Police referred two men and a high school student to prosecutors Tuesday over their alleged involvement in online trading of uranium, in violation of Japanese law regulating nuclear materials. A 24-year-old man of Azumino, Nagano Prefecture, is suspected of posting for sale small amounts of depleted uranium and natural uranium in glass tubes on a Yahoo online auction website. The 17-year-old high school boy of Koganei, Tokyo, and a 61-year-old pharmacist of Koga, Ibaraki Prefecture, were allegedly purchasers of the chemicals, police said. Japan's laws on nuclear materials ban people other than approved businesses and organizations from trading in nuclear fuel materials such as depleted uranium. According to investigative sources, the man who sold uranium told the police that he had bought it through an overseas website.
A former SoftBank Corp. employee was arrested Saturday for allegedly passing proprietary information from the major phone carrier to officials at Russia's trade representative office in Tokyo. The Metropolitan Police Department's Public Safety Bureau said it suspects the Russian officials were engaging in espionage. Yutaka Araki, 48, is suspected of illegally accessing a computer server at SoftBank on Feb. 18 last year and obtaining two sets of trade secrets with which he had been involved, the police said. Araki could have provided numerous corporate secrets repeatedly to the Russian officials, according to the police. Araki, a resident of Urayasu, Chiba Prefecture, has admitted to stealing the information, according to the police, who quoted him as saying he did it to earn a "little extra money."
Prime Minister Shinzo Abe on Tuesday pledged to step up talks with Russia to conclude a postwar peace treaty, among other major diplomatic challenges this year. "Japan will draw the global spotlight as we will welcome top world leaders, including U.S. President Donald Trump, Russian President Vladimir Putin and Chinese President Xi Jinping, as host of the Group of 20 summit" in Osaka in June. Tokyo and Moscow have yet to sign a peace treaty to formally end wartime hostilities due to a dispute over four islands off Hokkaido that are controlled by Russia and claimed by Japan. The islands were seized by the Soviet Union at the end of World War II. Abe and Putin agreed in November to accelerate talks based on a 1956 joint statement, in which Moscow agreed to hand over the two smaller islands to Tokyo after a peace pact is concluded.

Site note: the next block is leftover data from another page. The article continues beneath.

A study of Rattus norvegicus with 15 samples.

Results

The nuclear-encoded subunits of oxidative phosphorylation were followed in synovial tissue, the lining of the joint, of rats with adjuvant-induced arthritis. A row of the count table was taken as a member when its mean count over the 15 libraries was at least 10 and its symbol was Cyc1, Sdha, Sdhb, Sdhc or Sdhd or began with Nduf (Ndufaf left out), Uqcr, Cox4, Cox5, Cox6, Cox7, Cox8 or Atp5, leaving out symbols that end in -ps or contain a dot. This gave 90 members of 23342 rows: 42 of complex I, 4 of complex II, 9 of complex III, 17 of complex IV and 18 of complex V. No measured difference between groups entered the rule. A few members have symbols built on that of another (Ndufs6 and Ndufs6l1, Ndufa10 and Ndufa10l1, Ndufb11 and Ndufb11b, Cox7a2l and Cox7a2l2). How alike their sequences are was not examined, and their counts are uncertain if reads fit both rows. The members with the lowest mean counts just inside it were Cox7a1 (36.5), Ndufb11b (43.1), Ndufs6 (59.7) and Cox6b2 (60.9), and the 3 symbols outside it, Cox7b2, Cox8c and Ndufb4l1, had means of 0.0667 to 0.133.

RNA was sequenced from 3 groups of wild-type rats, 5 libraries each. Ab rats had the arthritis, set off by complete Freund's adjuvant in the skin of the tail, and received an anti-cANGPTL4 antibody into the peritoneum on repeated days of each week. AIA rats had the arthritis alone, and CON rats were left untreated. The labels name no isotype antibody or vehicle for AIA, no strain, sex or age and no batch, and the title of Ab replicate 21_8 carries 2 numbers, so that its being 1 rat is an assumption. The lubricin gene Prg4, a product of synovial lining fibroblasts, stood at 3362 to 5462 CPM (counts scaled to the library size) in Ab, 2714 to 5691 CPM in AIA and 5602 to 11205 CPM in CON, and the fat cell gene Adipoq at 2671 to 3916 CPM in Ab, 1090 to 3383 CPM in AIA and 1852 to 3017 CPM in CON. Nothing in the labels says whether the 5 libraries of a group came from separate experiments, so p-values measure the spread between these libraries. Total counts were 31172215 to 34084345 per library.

More than 500 people in Tokyo and about 200 in Fukushima Prefecture have begun legal action against the government, arguing that the security laws ushered in by the Abe administration violate the Constitution. One of the lawsuits filed Tuesday with the Tokyo District Court seeks to block the deployment of Self-Defense Forces personnel under the laws, while the other calls for 100,000 in damages for each of the plaintiffs. The suits are the first of several planned nationwide by a group of legal experts and others against the legislation expanding the SDF's role overseas, which came into force last month after being enacted in the Diet last September. Also Tuesday, a roughly 200-strong group sought compensation over the security laws at the Iwaki branch of the Fukushima District Court. The legislation, allowing Japan to use force to defend the United States and other allies if they came under attack, even if Japan itself is not attacked, followed the Abe Cabinet's reinterpretation of the Constitution in July 2014 as allowing the country to exercise the right to collective self-defense.
SAITAMA – A government official involved in work to look after isolated returnees from the coronavirus-hit Chinese city of Wuhan at a lodging facility near Tokyo was found dead Saturday in what police say is a possible suicide. The 37-year-old man, who was dispatched from the Metropolitan Police Department to the Cabinet Secretariat, was found collapsed around 10 a.m. Authorities suspect he may have jumped off the building, but a suicide note has not been found. The institute is one of the locations where those who have recently returned from Wuhan are staying for about two weeks to prevent the potential spread of the pneumonia-causing virus.